Hiro Hamada (Ryan Potter) has graduated high school at the age of 13 and now spends his time in shady places where illegal gambling on robot battles goes down. His older brother Tadashi (Daniel Henney) tells Hiro to stop wasting his gifted intelligence and brings him to his lab at university to get Hiro interested in applying for registering.
After meeting Tadashi’s friends and their inventions, Hiro meets Tadashi’s invention Baymax (Scott Adsit). Baymax is a robotic nurse that has the ability to scan the illness or physical ailments on a person. His calm bland personality causes some awkward and funny moments with Hiro. They start to bond when Tadashi dies in an explosion along with Hiro’s invention. Baymax downloads information on emotional pain and embarks on a journey to help cure Hiro’s sadness.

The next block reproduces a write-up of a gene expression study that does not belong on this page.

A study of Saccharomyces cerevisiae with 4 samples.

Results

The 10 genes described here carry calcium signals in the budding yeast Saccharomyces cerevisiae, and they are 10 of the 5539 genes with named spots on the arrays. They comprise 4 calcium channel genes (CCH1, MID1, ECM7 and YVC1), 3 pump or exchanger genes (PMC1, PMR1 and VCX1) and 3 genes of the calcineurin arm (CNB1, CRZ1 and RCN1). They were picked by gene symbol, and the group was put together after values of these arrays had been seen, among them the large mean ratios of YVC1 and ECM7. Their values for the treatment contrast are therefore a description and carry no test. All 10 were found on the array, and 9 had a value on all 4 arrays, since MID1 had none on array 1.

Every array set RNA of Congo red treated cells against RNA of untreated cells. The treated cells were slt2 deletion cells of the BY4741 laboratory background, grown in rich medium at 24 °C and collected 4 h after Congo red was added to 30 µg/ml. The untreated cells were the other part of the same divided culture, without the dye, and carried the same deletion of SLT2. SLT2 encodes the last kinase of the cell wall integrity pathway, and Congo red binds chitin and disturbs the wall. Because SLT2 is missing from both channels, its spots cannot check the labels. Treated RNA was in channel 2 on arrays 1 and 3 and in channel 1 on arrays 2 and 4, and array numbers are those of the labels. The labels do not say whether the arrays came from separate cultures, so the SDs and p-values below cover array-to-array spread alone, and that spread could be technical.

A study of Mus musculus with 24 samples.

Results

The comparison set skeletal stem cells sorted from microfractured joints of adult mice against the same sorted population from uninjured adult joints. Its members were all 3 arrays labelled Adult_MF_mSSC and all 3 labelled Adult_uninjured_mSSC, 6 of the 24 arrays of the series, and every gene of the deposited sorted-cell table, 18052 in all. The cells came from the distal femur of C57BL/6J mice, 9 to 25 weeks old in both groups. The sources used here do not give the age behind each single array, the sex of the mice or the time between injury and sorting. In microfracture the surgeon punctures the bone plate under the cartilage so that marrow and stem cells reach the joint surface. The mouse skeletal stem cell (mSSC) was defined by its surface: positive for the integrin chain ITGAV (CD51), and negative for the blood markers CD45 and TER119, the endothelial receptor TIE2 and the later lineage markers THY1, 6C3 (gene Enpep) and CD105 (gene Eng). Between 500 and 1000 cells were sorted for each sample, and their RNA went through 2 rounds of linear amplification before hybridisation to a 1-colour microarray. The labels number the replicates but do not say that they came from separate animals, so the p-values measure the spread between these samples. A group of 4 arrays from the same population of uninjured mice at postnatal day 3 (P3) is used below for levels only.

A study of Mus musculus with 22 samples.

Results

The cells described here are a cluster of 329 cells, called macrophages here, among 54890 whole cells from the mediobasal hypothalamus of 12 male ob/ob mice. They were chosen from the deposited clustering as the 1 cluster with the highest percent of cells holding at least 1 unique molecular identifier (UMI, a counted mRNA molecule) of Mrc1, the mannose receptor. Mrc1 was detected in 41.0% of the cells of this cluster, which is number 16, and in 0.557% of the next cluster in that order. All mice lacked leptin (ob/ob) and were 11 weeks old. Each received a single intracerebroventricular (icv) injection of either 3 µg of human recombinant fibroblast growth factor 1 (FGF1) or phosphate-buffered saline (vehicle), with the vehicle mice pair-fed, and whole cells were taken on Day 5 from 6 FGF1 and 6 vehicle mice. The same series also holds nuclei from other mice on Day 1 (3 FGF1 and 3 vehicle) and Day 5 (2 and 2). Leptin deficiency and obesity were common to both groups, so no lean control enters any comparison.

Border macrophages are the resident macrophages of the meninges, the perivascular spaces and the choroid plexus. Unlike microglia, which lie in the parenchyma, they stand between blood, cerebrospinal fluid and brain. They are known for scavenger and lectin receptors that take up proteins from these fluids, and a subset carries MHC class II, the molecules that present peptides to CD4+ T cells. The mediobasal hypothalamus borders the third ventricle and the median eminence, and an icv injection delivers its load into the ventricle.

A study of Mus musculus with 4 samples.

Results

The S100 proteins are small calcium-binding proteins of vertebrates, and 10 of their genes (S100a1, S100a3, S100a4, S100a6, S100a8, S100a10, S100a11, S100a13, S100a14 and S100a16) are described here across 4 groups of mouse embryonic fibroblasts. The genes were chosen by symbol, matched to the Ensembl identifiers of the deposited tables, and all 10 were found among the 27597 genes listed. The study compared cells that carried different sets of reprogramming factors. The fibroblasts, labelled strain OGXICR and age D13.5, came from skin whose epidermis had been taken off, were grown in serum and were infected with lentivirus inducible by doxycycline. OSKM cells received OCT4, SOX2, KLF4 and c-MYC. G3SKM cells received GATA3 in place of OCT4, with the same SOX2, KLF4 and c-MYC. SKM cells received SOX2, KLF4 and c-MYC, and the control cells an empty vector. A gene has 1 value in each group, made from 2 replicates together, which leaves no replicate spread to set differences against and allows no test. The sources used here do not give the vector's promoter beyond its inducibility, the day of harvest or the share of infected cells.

Both Hiro and Baymax find a masked man using Hiro’s invention as a weapon against them. They survive the first encounter and the rematch. Tadashi’s friends eventually come to Hiro’s aid and form a super team.
Exciting action with a dash of humour keeps the evolving story enjoyable. Baymax’s dry mannerisms and shift to superhero are the best parts of this film. This continues Disney producing more realistic emotional moments instead of characters that only exist in fairytale worlds. Human loss, the craving for vengeance, and the desire to help when help is needed, Hiro is not a perfect hero, he is only human.
Fun family experience that is the best animated watch for 2014 in theatres.